COVID-19: How to set up a cyber secure home office in the midst of a pandemic
July 20, 2020
In a short span of time, a home office has gone from “optional” to being nearly essential for many Canadians.
The COVID-19 pandemic has closed offices across the country, forcing many Canadians to work from home.
Home office cyber security has become more important than it has ever been. Here’s how you can protect your home office from cyber attacks and stay cyber secure during COVID-19.
Secure your Wi-Fi
For many Canadians, their home Wi-Fi is the primary source of their internet, which makes protecting it against cyber threats essential. You can start securing your home Wi-Fi by:
- Changing the default password that was given to you by your service provider
- Enabling wireless encryption
- Turning on password protection
Make security a priority on video calls
With so many meetings that used to happen in-person now taking place virtually, many organizations have turned to video conferencing to help stay connected.
That has left many workers vulnerable to cyber attacks during meetings, which has made cyber security for video conferencing a new area of importance.
You can protect your video calls by:
- Being careful about what you share: Don’t post links to video conferences in public places. If you have sensitive documents or other information you want to protect, rely on email or even regular mail.
- Choosing a platform with security features: Different video software offers different security features. Try to choose one that offers features such as encryption and the ability to require passwords for video calls.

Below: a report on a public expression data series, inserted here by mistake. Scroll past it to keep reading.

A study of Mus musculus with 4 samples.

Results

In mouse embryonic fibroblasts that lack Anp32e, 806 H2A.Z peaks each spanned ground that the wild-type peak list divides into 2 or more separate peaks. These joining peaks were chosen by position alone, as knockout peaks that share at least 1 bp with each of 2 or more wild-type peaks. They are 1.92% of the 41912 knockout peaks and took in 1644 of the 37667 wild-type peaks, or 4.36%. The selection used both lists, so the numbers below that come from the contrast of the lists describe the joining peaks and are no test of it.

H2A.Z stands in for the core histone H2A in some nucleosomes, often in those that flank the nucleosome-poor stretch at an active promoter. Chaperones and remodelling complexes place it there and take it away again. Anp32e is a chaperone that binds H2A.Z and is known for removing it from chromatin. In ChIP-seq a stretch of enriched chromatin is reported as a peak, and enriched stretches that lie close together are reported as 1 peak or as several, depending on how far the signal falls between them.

- Updating software: Software updates are essential for cyber security. That’s especially important for software tools, such as video conferencing, where you might be sharing private calls.
Update your devices
Software updates aren’t just about getting new features – they also contain important patches to help prevent cyber attacks.
It might be a habit to ignore update notifications, but you should run those updates for your computers, devices, and applications as soon as they are available. This is especially important when working from home. For many employees, managing software updates is something they can leave to an IT team. But for those working from home – particularly if you’re using your own laptop or other device – you need to make sure that you are running those updates as soon as they’re available.
The COVID-19 pandemic has closed many offices across the country. Now, Canadians are more responsible for their own work-based cyber security than ever before. By following these steps, you can ensure your new home office stays cyber secure.